FDA making major changes to nutrition labels

For the first time in 20 years, the FDA is changing the nutrition labels on the back of everything you buy at the grocery store.
February 27, 2014 4:30:28 PM PST
Big changes are coming to the supermarket. For the first time in 20 years, the Food and Drug Administration is changing nutrition labels on the back of everything you buy at the grocery store. The goal is to reflect the real portions that Americans are eating.

At the White House Thursday, First Lady Michelle Obama unveiled the new standards.

"Our guiding principle here is simple," First Lady Michelle Obama said. "That you as a parent and a consumer should be able to walk into a local grocery store, pick an item off the shelf, and tell whether it's good for your family."

These are the first changes to food labels in two decades.

The changes will be noticeable. For example, the calorie count will be much more prominent. One of the biggest changes will be that "added sugars," those so-called empty calories, will be right there on the label. Nutrition experts have been pushing for that for some time.

The new labels will also take into account American's dramatically different eating habits.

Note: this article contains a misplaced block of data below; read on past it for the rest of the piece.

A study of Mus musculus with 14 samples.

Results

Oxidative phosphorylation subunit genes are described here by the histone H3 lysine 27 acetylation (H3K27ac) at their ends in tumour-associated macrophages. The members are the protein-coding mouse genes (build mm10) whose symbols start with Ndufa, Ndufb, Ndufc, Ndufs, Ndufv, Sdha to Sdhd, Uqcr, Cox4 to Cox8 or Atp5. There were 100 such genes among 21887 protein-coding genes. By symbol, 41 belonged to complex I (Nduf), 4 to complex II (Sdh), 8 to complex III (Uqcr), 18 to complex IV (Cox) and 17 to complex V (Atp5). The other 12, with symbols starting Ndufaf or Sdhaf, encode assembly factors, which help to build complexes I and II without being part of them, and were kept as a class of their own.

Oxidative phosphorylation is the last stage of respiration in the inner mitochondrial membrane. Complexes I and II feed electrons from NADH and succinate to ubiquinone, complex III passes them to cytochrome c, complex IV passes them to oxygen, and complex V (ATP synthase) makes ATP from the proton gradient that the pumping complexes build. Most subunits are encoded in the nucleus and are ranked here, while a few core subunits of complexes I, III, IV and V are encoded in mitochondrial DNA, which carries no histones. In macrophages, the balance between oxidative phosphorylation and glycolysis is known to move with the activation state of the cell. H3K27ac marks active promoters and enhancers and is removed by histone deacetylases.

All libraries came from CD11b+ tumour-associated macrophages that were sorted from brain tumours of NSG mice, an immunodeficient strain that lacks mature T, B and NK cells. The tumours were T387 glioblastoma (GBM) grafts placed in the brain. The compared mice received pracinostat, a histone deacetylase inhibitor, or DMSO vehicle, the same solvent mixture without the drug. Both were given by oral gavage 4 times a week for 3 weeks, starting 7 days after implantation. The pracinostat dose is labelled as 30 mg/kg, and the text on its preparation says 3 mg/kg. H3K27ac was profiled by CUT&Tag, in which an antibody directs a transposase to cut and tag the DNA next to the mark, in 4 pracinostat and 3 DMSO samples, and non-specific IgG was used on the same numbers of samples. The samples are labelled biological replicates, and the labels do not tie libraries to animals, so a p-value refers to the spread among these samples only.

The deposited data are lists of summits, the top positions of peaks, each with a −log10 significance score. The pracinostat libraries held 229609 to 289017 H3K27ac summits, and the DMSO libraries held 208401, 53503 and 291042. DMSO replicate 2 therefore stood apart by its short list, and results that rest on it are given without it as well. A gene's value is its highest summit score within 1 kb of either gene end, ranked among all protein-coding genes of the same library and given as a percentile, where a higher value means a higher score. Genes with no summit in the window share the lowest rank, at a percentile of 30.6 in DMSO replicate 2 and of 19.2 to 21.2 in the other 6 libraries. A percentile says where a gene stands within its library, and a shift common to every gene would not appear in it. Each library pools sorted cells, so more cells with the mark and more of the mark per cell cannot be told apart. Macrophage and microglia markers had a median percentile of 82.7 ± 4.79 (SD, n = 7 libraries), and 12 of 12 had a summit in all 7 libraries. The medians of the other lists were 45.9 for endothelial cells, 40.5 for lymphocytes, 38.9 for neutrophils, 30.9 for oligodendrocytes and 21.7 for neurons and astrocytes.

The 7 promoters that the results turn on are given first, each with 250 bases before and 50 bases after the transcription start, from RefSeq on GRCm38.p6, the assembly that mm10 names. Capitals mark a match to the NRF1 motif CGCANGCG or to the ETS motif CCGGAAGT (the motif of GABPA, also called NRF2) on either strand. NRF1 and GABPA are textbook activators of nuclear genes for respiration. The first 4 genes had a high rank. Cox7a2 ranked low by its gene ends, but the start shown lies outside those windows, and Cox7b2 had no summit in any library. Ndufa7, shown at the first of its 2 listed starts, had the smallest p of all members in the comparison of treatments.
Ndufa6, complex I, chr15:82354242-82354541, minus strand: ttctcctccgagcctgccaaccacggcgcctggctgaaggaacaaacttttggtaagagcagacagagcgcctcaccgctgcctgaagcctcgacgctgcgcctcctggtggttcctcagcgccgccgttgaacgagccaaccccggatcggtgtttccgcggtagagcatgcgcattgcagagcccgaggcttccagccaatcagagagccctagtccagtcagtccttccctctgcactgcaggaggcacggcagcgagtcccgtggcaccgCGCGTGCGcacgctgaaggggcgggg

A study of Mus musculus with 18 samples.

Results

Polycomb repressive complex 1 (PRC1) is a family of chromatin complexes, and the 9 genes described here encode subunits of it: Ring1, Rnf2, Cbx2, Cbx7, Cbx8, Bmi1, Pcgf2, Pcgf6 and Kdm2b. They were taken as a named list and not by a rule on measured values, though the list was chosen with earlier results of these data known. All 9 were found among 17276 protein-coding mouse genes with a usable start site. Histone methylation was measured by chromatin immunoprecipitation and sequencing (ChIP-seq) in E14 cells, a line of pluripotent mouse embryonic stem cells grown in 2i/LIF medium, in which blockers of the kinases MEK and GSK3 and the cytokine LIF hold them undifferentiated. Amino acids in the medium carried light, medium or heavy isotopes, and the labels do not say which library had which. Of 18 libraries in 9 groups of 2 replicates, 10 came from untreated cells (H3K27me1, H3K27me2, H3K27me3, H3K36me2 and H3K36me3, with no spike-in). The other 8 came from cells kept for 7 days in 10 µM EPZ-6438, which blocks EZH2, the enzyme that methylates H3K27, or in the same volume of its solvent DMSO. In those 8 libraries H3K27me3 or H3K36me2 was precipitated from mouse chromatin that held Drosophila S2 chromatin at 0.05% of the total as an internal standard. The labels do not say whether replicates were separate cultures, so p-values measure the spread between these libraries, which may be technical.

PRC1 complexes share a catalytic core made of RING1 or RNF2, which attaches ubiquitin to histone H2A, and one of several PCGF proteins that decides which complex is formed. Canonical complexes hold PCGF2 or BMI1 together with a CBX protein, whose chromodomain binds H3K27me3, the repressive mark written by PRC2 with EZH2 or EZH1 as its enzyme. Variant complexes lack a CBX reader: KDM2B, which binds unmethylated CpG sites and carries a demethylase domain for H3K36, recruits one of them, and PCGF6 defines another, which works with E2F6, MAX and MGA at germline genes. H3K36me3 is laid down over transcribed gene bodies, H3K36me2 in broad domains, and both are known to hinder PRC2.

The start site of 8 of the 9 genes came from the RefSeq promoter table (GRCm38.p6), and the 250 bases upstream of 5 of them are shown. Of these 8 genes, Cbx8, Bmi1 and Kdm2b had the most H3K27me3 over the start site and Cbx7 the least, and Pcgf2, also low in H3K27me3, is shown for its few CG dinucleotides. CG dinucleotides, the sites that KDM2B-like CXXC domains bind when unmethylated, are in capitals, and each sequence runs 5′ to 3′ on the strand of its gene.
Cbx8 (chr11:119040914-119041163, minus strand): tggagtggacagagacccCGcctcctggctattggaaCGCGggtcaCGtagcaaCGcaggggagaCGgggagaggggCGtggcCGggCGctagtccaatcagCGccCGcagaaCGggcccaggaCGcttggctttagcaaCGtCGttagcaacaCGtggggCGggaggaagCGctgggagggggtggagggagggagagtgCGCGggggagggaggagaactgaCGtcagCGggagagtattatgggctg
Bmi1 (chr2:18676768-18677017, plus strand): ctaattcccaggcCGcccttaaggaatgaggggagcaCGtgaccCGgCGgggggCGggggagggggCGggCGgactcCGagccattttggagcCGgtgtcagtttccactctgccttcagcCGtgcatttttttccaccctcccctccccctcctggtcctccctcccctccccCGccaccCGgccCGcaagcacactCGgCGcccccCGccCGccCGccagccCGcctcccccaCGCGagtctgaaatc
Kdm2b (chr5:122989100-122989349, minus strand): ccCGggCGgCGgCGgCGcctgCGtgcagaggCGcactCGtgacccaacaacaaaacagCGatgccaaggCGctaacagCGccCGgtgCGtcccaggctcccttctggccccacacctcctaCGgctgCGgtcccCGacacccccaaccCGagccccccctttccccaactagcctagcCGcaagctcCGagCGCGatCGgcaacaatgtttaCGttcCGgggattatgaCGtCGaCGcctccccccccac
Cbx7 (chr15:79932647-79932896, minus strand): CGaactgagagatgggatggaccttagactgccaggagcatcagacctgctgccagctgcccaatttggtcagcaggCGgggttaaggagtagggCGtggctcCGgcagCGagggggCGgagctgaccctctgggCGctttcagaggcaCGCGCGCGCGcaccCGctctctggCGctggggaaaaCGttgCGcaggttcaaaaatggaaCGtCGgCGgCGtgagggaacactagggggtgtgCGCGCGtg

"The old label was based on what people were actually eating," New York University Professor Marion Nestle said. "But that was 50 years ago, so things have changed, portion sizes have gotten much larger."

Right now a single serving of soda is considered to be 8 ounces. But who really stops there?

Going forward, a 12 ounce or even 20 ounce soft drink will be the standard. And consumers will know just how many calories they're drinking.

A serving of ice cream will increase from half a cup to the cup that we eat on average.

Who eats just half a muffin or a bagel? The new serving size will be the full thing.

The government estimates the label changes will cost food companies about $2 billion. But they'll have a few years to comply with the new standards.

For details on the new labels from the FDA, click here.